Native Americans * American Indian languages * American Indian culture

  * Find Native American ancestors in your family tree

Pow Wow Trail 97 [archive]

This article has been archived from the Aboriginal Youth Network for educational purposes. Contents are the property of AYN; the article was written in 1997 and is no longer available on their website. Please visit our Article Archive Index for further information. If you are the author of this article and would like to make changes to it, or if you are the author of another article you would like us to add to our archives, please contact us.

Pow Wow Trail 97

The gathering, or mawiomi renews social, spiritual ties

What is a Pow Wow?

Pow Wow is the more recognized word, European in origin, for a tribal gathering. The Micmac word is mawiomi.

The gatherings continue to be a time for renewing social and spiritual ties. Great respect is shown to the drum at a gathering. Tobacco is offered to the spirits called by the drum and to the spirit of the drum itself.

One reason for this respect is that the songs sung to the beats of the drum have the power to unite people. Songs become an important part of a tribe's oral tradition.

Another reason is that the music made using the drum is an individual and universal language of the soul. The first song an unborn child hears in its mother's womb is the rythmic beating of her heart. In a sense, the drum is the heartbeat of a powwow.

Like the songs, the dances at a powwow have different social meanings. There are festive dances, dances of war and conquest, honor and family, joy and mourning. The dances might have had different meanings in the past, but they have evolved to become the social dances of today.

Many Aboriginals practicing the traditional way of life believe that nature and Aboriginal peoples spoke the same laguage. A common belief is that the Creator gave a uniqueness and power to each tribe. Each tribe also enjoyed a very respectful and harmonious relationship with nature as a guide and provider.

The relationship with the Creator was pure, and its strength was at its peak, being both visible and audible through the voices of nature. In times of need, Aboriginal people prayed, fasted, sweated and sacrificed. Prayers were answered through the voices of nature, thus establishing the Spirit of Nature and man as one.

This explains the reasoning behind the clan system and its respect for the balance of nature. Each clan, as is the case in nature, has a function, has a function and responsibility within the nation. Noth nation and clan affiliation can be seen in color combinations, design and ornaments.

Numbers were also very important in respect to nature and the aboriginal way of life. The number four is held sacred by most tribes in respect to the Creator and the four cardinal directions of the cross. The cross has always been synonymous with the Great Spirit even before the first Christian missionaries came to North America, and Aboriginal peoples refer to it as the medicine wheel.

The spirit of power is held sacred in the combination of certain colors, designs and numbers. Eventually, songs and dances evolved from sacred natural forces and the imitation of animals. Many of these sacred dances, because of their religious significance and spirituality are not performed in public. The Sun, Eagle, Buffalo, and Medicine Dances are just a few of the many sacred dances still practiced.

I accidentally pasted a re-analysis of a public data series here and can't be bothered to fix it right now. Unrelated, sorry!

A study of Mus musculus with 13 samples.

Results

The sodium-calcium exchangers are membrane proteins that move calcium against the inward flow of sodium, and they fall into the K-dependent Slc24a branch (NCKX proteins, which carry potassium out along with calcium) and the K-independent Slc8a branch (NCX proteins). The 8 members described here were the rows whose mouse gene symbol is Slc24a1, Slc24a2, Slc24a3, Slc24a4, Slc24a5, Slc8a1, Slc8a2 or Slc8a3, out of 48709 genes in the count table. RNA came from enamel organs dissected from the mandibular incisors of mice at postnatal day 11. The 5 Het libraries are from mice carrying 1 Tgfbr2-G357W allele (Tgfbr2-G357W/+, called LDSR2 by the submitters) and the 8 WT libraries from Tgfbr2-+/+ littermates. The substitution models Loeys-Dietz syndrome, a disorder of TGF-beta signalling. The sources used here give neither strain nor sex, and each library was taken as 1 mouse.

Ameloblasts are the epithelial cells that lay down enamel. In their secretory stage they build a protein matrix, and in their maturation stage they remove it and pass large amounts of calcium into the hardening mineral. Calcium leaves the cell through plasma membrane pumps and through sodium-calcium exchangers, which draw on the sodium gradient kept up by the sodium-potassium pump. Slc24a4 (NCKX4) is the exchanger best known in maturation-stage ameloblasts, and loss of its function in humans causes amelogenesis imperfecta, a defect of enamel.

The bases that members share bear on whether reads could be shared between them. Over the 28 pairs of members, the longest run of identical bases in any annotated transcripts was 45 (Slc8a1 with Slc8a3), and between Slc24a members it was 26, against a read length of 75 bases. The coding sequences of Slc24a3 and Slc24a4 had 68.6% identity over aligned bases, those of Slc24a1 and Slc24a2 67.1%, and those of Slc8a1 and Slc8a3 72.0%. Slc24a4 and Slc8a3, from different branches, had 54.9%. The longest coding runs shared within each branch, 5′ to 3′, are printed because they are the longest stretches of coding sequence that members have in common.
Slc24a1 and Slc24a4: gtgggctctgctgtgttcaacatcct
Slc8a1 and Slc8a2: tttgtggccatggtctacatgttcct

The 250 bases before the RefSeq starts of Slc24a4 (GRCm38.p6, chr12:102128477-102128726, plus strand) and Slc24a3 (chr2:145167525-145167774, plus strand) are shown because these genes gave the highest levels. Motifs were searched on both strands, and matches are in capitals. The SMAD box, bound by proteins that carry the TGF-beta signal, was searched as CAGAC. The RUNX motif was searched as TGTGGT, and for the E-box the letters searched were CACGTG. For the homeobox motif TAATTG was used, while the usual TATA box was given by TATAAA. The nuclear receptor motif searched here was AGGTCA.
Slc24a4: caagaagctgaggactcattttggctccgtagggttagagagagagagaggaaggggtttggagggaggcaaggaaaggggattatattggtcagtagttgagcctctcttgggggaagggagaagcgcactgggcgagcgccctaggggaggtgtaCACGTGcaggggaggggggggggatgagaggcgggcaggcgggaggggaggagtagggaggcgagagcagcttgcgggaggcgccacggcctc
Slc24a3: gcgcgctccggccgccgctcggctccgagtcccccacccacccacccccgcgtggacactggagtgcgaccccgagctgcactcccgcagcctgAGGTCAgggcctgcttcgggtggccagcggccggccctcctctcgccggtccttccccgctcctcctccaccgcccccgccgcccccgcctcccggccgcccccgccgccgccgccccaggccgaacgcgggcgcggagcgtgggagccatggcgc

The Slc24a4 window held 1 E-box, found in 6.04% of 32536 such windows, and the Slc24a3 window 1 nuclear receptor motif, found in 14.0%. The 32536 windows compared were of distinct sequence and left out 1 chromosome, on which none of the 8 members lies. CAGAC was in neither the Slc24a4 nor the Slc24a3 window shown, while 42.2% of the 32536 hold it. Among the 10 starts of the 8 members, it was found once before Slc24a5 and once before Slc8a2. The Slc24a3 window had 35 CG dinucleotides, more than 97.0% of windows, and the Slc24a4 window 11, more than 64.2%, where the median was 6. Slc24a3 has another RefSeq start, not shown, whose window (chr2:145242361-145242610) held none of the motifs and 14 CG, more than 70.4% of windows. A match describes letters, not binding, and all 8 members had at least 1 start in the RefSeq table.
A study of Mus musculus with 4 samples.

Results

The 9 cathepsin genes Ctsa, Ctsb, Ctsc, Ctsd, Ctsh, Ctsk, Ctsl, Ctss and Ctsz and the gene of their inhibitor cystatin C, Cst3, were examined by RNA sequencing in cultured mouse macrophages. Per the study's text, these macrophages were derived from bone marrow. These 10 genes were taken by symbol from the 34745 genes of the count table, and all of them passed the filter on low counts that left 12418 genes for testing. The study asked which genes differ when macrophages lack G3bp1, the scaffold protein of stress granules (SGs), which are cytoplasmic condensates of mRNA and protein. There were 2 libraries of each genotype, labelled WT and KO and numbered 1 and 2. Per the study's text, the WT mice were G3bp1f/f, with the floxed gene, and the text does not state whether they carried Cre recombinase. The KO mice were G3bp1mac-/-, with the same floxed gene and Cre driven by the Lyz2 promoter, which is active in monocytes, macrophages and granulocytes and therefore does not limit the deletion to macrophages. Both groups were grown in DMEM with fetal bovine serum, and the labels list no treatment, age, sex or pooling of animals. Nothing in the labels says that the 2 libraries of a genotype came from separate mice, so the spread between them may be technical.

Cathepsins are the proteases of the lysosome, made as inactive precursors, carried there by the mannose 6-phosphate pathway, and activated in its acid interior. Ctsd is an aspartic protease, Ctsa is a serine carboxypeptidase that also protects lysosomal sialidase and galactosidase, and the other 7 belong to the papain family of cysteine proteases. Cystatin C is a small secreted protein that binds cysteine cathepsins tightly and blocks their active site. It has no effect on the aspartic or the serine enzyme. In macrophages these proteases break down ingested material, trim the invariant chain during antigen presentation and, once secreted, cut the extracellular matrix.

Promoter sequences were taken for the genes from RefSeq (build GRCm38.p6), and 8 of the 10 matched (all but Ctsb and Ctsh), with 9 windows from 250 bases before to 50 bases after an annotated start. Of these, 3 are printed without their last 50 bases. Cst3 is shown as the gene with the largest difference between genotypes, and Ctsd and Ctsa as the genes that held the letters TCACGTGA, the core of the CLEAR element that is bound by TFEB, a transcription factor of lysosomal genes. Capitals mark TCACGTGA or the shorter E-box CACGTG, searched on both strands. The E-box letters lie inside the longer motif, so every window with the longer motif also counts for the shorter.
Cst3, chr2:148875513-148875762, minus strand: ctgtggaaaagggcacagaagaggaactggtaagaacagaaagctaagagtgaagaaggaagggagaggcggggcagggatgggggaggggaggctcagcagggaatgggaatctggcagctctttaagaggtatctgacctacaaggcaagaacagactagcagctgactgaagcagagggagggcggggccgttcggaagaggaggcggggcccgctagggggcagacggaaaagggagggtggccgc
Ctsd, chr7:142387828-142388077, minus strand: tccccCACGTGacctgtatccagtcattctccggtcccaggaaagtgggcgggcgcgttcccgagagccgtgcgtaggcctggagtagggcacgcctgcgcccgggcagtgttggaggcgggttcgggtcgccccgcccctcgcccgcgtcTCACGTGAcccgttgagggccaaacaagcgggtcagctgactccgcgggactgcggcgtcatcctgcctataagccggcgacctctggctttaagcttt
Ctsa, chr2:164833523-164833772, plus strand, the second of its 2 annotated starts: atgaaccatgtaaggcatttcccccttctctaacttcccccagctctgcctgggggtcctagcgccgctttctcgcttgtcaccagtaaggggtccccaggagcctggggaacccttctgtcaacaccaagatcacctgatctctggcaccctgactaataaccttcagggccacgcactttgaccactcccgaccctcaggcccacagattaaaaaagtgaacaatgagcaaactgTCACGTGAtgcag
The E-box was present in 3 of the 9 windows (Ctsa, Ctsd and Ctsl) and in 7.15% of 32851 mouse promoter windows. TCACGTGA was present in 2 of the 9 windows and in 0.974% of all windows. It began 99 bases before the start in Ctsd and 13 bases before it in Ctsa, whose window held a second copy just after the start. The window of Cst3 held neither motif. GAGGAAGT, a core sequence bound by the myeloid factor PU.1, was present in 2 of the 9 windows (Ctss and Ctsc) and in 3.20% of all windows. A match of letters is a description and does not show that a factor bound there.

Any sacred object of a ceremony of power should not be brought out, or even discussed, in public. War, medicine and protection can also be included in this, with grave consequences if respect is not kept.

When early European explorers first saw these sacred dances, they thought powwow referred to the whole dance. Actually, its Aboriginal definition refers to the medicine people and spiritual leaders. As more Aboriginal peoples learned English, they accepted the European definition.

Conflicts over hunting territories were controlled by medicine people and spiritual leaders. Ceremonies of preparation protected and guided warriors. Inspiring songs, warrior speeches and war dances were performed. When going into war, the leaders were distinguished by the paint they wore and the numbers and color markings on their feathers.

There was mutual honor and respect, even for the enemy. It is said that in taking the life of the enemy. It is said that taking the life of the enemy, one captures his spirit. It is still believed that this spirit belongs to the victor, along with its power. In the physical world, the victor feeds the victim's spirit until guided into the spirit world.

Upon the return of the warriors, feasts for the captured and mourned spirits were held, and victory dances were performed. In the dances, brave deeds during battle were reenacted reminiscent of tracking the enemy. From this early interpretation came the origin of the war dance in its spiritual form of expression, demonstrated through footwork, smoothness and agility.

Additional Reading

 Indian Tribes of North America
 Micmac
 Micmac Education
 Micmac Legends
 Indian Reservations in Maine

Sponsored Links



Return to our main Amerind site
Read our article submission guidelines
Language of the day: Native American Signs

Native Languages

Indian art * Mexican Indians * Choctaw Nation of Oklahoma * Jenu * Native medicine

Would you like to help support our organization's work with endangered American Indian languages?